Flame in the Mist, the first book in Renée Ahdieh’s new duology, promises that her new novels will be just as awesome as her previous The Wrath and the Dawn duology. Nothing is truely as it seems in this Mulan inspired masterpiece and the heroine of the tale is just as kicks as her predecessor.
This review may contain mild spoilers for this book and other books in the Grisha Trilogy (What I consider spoilers might not be what you consider spoilers but I thought that I’d put it out there just in case). READERS YE BE WARNED!
The only daughter of a prominent samurai, Mariko has always known she’d been raised for one purpose and one purpose only: to marry. Never mind her cunning, which rivals that of her twin brother, Kenshin, or her skills as an accomplished alchemist. Since Mariko was not born a boy, her fate was sealed the moment she drew her first breath.
So, at just seventeen years old, Mariko is sent to the imperial palace to meet her betrothed, a man she did not choose, for the very first time. But the journey is cut short when Mariko’s convoy is viciously attacked by the Black Clan, a dangerous group of bandits who’ve been hired to kill Mariko before she reaches the palace.
The lone survivor, Mariko narrowly escapes to the woods, where she plots her revenge. Dressed as a peasant boy, she sets out to infiltrate the Black Clan and hunt down those responsible for the target on her back. Once she’s within their ranks, though, Mariko finds for the first time she’s appreciated for her intellect and abilities. She even finds herself falling in love—a love that will force her to question everything she’s ever known about her family, her purpose, and her deepest desires.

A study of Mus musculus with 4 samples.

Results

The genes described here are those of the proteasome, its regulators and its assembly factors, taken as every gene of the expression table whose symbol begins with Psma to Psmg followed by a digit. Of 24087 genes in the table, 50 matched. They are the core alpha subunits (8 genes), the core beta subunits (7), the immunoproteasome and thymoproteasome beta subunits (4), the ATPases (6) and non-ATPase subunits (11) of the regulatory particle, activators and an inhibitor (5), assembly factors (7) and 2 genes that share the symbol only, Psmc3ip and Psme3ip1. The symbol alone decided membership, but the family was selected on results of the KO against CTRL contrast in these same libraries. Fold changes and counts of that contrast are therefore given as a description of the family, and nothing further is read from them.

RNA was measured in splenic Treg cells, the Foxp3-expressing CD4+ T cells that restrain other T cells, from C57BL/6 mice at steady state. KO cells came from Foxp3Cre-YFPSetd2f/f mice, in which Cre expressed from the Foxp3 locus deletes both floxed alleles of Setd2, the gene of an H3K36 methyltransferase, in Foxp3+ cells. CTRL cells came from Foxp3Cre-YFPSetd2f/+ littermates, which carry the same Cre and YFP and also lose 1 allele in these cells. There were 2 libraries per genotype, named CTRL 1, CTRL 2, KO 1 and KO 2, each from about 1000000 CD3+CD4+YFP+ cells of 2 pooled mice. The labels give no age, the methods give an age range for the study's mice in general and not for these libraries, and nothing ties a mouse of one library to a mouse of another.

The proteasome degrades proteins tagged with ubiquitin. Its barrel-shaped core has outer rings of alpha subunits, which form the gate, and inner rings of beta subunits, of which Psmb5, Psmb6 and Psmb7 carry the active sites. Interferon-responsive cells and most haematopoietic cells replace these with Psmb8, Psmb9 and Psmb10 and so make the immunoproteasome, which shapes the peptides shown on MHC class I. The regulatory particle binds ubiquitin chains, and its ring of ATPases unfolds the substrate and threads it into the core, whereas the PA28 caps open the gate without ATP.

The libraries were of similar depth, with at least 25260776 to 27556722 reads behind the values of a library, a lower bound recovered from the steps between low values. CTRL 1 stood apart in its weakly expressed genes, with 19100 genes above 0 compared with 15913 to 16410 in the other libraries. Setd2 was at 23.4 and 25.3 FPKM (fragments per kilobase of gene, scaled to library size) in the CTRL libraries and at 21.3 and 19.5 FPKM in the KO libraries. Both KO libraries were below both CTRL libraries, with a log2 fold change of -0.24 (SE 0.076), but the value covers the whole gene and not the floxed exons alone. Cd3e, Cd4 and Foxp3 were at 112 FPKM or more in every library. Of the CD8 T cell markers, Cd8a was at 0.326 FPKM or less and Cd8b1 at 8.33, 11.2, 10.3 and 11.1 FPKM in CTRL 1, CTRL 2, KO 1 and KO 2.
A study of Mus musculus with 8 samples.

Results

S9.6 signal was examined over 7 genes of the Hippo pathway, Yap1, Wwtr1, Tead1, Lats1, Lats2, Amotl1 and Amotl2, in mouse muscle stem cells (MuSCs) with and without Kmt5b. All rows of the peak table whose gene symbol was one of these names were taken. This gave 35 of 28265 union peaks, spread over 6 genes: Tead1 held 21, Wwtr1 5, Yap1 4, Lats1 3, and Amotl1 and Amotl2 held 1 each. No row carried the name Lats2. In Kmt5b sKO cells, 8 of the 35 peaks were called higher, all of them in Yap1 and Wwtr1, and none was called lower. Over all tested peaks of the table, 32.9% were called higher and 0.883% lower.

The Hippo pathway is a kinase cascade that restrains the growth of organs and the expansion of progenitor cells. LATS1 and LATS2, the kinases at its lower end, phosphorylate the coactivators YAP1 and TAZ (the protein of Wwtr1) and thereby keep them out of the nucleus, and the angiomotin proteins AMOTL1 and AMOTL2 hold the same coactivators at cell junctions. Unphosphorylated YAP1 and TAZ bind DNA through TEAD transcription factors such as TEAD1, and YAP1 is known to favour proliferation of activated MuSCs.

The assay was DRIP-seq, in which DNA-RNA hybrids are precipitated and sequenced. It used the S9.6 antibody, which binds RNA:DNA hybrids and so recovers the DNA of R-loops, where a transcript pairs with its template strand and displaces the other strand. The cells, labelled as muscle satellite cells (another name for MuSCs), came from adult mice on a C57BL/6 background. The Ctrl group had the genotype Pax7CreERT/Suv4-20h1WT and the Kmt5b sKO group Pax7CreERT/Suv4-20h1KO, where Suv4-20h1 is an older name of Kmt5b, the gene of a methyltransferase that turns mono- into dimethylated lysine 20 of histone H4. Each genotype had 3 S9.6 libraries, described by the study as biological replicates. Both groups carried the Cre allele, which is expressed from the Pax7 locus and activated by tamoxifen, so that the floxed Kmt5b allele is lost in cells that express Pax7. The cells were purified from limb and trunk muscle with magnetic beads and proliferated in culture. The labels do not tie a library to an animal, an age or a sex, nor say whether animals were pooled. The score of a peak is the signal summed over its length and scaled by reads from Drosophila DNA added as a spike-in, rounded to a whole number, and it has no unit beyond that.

We seem to be getting quite a number of fairy tale retellings lately which is AMAZING, and while the story of Mulan isn’t really a fairy tale, I have still been so psyched to read Flame in the Mist since the book was first announced (even though it took me a while to get to it). As soon as I read that it was inspired by both Mulan and 47 Ronin I was hooked and I couldn’t have asked for a better adaptation of those stories than this.
I’ll be honest, the first third of the book was a bit slow; not bad, just slow. On her way to meet her betrothed, Mariko is attacked by people who appear to be the Black Clan. While she does escape, instead of heading home like the dutiful daughter she is supposed to be, she dresses as a boy and attempts to find out who exactly tried to kill her (All of this is in the blurb so you can’t get mad at me for telling you). Eventually she arrives at the Black Clan’s camp and that is when the book really starts to pick up the pace. There were tons of awesome little twists and THAT ENDING! I totally didn’t see it coming but in hind sight it makes a TON of sense. One complaint I did have (one of the only complaints really) was with the magic system in the book. I’m hoping that it will be explained and elaborated on more in the second novel because in this book it was kind of vague and sporadic and I’m not exactly sure how it works.
Our main lady, Mariko, is, in my opinion, similar to Shahrzad from The Wrath and the Dawn but not as good. I still liked her character an immense amount but I didn’t like her as much as Renée’s previous heroine. She is brilliant and talented and sick to death of men telling her what to do. While I understand why she rather dislikes most men, what with them ruling society and seeing women as objects or political bargaining chips, and definitely agree that she is justified in her feelings, she does bring up the subject quite a bit (which was good but occasionally annoying). This may sound strange but her inventive awesomeness (Again, this is in the blurb) kind of reminds me of Hange from Attack on Titan (Which I have practically been watching on repeat for the past week) only less outwardly enthusiastic.
Once again I was blown away by Renée’s writing style. It’s beautiful, and lush, and just flows. Just like The Wrath and the Dawn Duology, there tons of words used in this book which reflects the culture that inspired it. YAY! for Japanese vocabulary (Good thing that there was a glossary in the back though otherwise I would have been Google-ing words left, right, and centre).
All in all, the story was absolutely fabulous and full of awesome surprises (I didn’t want it to end!). Renée Ahdieh is one of my favourite authors ever and I super recommend this. While it didn’t strike me as being as good as her previous duology, I’d still read it again in a heartbeat.